Nutritional experts say a new rating system launched for front-of-pack labelling on foods is a good starting point for the country's obesity battle, but it comes with flaws.
The Health Star Rating system uses ratings of 1/2 to 5 stars to show consumers the overall nutritional content and healthiness of packaged foods.
Foods lower in saturated fat, sugar or salt, or higher in fibre, protein, fruits, vegetables, nuts or legumes will have more stars.
But AUT University Health and Environmental Science professor Elaine Rush says the system lacks information about the ingredients in the product.
She also says some nutrients can be manipulated to fit the cut off criteria so the product is awarded more stars.
"There is no information on the front of pack about what the ingredients are in the product, for example additives and preservatives, and how highly processed the product is - how much of the sugar is part of the ingredients -- naturally present in milk, dried fruit -- and how much has been added."
She says it will take some time for all products in a range to gain the health star rating.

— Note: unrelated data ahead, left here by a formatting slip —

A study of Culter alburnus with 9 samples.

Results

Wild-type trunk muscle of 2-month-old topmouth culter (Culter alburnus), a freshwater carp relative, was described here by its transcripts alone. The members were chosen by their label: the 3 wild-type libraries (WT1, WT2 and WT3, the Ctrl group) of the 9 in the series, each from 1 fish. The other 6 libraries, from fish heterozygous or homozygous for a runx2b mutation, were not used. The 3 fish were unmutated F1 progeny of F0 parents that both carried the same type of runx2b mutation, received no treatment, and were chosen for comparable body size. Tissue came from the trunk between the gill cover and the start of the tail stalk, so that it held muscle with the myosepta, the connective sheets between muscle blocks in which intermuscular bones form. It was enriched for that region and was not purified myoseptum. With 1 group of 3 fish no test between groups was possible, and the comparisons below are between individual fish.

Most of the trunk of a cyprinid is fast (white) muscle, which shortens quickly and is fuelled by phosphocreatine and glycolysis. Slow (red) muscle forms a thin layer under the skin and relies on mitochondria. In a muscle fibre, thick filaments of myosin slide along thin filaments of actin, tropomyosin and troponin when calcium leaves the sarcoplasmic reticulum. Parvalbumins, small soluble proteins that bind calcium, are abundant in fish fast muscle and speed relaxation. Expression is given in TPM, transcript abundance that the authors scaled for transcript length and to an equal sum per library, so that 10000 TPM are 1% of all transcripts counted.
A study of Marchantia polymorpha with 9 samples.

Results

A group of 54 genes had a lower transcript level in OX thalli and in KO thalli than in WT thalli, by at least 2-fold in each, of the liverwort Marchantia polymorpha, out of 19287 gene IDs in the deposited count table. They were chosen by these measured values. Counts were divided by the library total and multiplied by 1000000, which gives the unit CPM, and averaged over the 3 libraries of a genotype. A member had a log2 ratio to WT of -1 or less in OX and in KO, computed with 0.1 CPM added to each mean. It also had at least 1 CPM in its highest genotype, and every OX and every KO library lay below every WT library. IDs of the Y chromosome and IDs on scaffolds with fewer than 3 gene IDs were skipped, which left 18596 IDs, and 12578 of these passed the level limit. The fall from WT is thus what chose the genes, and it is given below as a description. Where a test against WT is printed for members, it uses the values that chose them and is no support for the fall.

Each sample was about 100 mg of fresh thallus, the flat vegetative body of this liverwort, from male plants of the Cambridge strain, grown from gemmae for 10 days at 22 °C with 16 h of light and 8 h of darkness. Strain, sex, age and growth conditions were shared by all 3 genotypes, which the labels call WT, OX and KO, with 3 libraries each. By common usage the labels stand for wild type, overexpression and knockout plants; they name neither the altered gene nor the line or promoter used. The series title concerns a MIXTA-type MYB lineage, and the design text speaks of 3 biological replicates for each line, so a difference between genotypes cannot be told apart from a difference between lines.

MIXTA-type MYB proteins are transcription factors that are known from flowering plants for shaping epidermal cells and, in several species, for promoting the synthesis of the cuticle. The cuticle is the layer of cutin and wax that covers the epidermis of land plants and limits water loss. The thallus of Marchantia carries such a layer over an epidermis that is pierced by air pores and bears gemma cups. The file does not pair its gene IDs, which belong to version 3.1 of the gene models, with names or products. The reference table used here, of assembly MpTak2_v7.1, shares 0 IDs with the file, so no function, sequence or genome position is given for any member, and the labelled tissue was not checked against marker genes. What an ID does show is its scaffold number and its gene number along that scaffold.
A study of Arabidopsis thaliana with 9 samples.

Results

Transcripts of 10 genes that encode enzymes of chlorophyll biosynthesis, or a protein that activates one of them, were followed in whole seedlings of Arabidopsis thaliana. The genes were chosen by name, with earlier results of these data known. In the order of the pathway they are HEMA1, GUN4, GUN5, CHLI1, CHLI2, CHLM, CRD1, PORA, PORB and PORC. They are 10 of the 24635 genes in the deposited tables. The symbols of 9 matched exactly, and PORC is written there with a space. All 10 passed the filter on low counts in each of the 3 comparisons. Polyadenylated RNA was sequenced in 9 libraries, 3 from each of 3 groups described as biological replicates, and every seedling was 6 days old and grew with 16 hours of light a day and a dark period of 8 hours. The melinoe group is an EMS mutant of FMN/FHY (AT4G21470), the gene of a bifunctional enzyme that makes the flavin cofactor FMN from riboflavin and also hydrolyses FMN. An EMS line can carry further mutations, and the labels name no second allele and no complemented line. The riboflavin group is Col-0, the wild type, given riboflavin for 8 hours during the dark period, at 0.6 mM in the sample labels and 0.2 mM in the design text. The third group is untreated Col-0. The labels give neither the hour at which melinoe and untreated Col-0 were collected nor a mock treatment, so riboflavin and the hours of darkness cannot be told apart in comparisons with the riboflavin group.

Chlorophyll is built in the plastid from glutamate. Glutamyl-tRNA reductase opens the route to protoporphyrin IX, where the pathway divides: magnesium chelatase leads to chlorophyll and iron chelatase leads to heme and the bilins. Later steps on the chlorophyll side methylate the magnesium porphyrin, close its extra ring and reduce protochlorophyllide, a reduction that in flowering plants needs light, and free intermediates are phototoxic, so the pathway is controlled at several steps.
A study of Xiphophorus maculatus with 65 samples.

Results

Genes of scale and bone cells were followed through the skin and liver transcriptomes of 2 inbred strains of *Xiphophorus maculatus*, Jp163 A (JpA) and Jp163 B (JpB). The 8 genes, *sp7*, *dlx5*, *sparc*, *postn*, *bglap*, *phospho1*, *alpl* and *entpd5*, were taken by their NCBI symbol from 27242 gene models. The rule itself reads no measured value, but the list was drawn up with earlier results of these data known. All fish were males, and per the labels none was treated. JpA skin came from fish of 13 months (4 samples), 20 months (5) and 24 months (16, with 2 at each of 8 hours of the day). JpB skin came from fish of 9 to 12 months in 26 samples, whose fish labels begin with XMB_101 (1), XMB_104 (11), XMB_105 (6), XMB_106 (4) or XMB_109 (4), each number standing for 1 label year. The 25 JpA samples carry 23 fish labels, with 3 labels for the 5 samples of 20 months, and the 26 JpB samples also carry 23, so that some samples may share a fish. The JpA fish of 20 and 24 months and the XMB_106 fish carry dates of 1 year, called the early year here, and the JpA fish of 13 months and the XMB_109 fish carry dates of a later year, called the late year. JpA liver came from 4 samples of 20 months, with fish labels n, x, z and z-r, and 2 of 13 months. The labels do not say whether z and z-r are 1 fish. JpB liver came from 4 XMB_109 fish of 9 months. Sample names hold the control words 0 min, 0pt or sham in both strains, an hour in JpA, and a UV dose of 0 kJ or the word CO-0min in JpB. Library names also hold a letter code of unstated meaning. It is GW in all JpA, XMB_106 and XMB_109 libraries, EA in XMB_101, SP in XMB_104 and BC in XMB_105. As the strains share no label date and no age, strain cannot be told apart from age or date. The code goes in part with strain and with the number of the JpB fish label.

University of Auckland Medical and Health Sciences professor Cliona Ni Mhurchu says the system is a good starting point but it's just "one tool in the toolbox".
"We should be also looking closely at some of the potentially cost-effective obesity interventions recommended by organisations and institutions around the world," she says.
Professor Ni Mhurchu says at the end of the day people just want to know whether a food is a healthy option or not.
As part of this week's awareness campaign, Health Minister Jonathan Coleman says advertising will be put on bus shelters and in the cereal aisles of some supermarkets.
"Being overweight or obese is expected to overtake tobacco as the leading preventable risk to health in New Zealand in the next 12 months," says Mr Coleman.
The rating system has been introduced by the Government as part of the Childhood Obesity Plan, launched in October 2015.